How To Probate a Will in Texas


Probate is the process in which a court recognizes that a person has died and oversees the payment of the decedent’s debts and distribution of the decedent’s property. Generally, a person has four years from the date of death of the decedent to file for probate. Generally, if the will is not probated in that time period, Texas intestacy laws (law when there is no will) will govern how decedent's property is distributed.


Some property is not distributed during probate, but transferred in another way. These non-probate assets include, but are not limited to, life insurance policies, retirement accounts, and pensions.


Steps to Probate a Will

Step 1: File the Will and Application For Probate

The will is filed with the county clerk in the county in which the decedent lived. An application for probate is filed with the proper court in the county where the decedent resided. This application will include information such as the date of death, the name and address of the deceased and identification of beneficiaries.


Step 2: Posting Notice (Waiting Period)

After filing the probate application, there is a two-week waiting period before a hearing can be held. The county clerk will post a notice at the courthouse stating a probate application was filed. If no contests are received, the probate court can proceed.


Step 3: Hearing and Order Admitting Will

A Texas judge will hold a hearing and recognize the decedent’s death and appoint an executor. The judge will determine whether the executor named in the will is qualified to serve.


Step 4: Inventory Assets

Once an executor is approved, they start cataloging and reporting all of the assets of the estate. Within 90 days after the appointment of an executor, the executor must file an inventory of all the assets with the probate court or file an Affidavit in Lieu Thereof.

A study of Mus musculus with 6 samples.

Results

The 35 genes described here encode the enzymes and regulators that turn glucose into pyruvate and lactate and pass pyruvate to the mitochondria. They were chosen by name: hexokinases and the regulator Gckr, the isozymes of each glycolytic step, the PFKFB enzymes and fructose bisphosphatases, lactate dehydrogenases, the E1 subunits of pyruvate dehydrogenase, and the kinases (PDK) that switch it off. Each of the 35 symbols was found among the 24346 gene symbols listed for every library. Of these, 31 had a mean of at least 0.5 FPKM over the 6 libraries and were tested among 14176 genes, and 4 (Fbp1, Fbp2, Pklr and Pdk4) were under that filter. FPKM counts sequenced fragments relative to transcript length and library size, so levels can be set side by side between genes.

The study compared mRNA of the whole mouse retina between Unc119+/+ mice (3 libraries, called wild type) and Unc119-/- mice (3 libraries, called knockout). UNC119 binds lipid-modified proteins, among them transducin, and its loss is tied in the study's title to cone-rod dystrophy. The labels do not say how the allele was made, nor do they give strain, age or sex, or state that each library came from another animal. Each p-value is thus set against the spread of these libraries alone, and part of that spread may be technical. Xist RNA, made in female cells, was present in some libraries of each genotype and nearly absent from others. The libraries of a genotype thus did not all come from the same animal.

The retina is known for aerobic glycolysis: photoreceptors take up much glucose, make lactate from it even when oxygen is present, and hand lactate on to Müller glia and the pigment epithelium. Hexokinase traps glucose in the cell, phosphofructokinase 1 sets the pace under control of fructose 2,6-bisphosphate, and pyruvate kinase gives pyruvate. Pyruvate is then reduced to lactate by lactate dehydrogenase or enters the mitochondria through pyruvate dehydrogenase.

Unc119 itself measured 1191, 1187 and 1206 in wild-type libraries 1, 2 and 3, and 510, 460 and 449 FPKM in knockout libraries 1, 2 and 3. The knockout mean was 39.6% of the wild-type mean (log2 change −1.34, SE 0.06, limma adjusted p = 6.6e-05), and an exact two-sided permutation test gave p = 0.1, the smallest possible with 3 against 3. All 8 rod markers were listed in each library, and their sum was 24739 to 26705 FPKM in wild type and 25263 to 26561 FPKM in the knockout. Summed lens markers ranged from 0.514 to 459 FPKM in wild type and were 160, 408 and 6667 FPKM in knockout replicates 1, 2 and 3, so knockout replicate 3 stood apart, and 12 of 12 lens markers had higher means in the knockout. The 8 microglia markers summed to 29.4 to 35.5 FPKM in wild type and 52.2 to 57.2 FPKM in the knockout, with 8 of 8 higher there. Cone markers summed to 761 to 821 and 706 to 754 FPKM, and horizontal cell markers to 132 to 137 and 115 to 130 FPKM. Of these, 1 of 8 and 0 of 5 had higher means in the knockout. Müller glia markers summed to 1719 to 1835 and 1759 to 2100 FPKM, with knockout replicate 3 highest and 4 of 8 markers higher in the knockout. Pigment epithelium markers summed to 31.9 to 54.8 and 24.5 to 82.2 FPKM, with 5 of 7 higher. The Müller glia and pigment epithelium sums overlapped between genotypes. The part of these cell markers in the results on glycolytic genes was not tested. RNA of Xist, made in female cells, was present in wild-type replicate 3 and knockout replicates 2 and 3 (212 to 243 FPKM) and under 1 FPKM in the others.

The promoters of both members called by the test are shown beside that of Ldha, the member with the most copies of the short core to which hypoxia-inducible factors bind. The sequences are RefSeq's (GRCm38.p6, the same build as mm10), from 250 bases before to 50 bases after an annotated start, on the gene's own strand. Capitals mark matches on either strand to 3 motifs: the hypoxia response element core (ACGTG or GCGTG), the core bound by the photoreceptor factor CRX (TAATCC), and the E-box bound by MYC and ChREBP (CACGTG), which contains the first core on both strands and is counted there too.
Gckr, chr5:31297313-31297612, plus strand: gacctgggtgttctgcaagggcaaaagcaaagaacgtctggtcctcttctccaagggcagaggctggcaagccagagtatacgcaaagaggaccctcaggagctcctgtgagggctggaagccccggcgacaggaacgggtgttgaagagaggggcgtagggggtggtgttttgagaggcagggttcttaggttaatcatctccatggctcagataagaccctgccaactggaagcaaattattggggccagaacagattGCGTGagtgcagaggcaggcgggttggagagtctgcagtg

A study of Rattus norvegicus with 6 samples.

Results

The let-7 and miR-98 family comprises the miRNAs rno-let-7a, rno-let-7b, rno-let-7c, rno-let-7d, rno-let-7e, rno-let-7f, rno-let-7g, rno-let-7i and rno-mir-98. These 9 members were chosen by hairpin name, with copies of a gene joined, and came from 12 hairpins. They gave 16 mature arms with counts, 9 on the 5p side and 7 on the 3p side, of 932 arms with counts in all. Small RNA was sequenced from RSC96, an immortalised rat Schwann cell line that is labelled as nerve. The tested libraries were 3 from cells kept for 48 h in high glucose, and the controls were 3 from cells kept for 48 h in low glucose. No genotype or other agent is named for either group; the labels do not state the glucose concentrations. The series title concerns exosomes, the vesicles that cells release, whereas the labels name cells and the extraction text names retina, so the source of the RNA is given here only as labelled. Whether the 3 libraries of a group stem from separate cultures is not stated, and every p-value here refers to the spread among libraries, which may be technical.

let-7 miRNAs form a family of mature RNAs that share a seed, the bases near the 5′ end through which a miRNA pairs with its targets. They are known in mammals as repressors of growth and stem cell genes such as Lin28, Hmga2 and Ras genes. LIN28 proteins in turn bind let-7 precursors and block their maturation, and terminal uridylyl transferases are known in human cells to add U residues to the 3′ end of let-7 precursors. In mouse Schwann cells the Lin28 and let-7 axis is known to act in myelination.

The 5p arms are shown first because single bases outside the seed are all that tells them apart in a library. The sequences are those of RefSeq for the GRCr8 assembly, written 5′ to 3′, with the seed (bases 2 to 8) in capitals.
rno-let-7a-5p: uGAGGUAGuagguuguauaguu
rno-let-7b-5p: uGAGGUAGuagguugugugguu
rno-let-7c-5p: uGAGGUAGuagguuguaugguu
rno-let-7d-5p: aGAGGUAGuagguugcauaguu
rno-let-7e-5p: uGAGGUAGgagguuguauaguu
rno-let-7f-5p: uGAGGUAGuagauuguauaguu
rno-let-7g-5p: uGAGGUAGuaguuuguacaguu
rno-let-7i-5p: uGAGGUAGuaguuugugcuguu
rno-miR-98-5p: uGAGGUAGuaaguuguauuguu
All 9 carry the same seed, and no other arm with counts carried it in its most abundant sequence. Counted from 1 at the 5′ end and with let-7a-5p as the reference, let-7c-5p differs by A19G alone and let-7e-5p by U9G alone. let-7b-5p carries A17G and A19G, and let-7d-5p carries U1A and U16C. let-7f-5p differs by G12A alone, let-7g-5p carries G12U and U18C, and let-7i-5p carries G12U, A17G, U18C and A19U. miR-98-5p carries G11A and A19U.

Step 5: Notify Creditors

Within 30 days after the executor is qualified by the probate court, they must publish a notice to creditors in a county newspaper. Within 60 days of qualification, the executor must mail a certified or registered letter with return receipt requested to all secured estate creditors. The executor or administrator files proof of both types of notice with the clerk of the court.


Step 6: Pay Creditors and Resolve Disputes

Texas law provides the prioritizing of claims/debts. It is important to pay the right creditor in the right order the correct amount.


A will contest must be filed within two years after probate is filed. Usually, these issues are resolved through mediation. Yet, assets should not be distributed if there is a pending contest.


Step 7: Distribute Assets

After debts and disputes are resolved, the remaining assets can be distributed to the beneficiaries.


Probate can be a daunting task, but working with a probate attorney can ensure a smooth process. The process above is how probate generally works, but every situation is different and this can change. Call us today if you need help with any probate needs!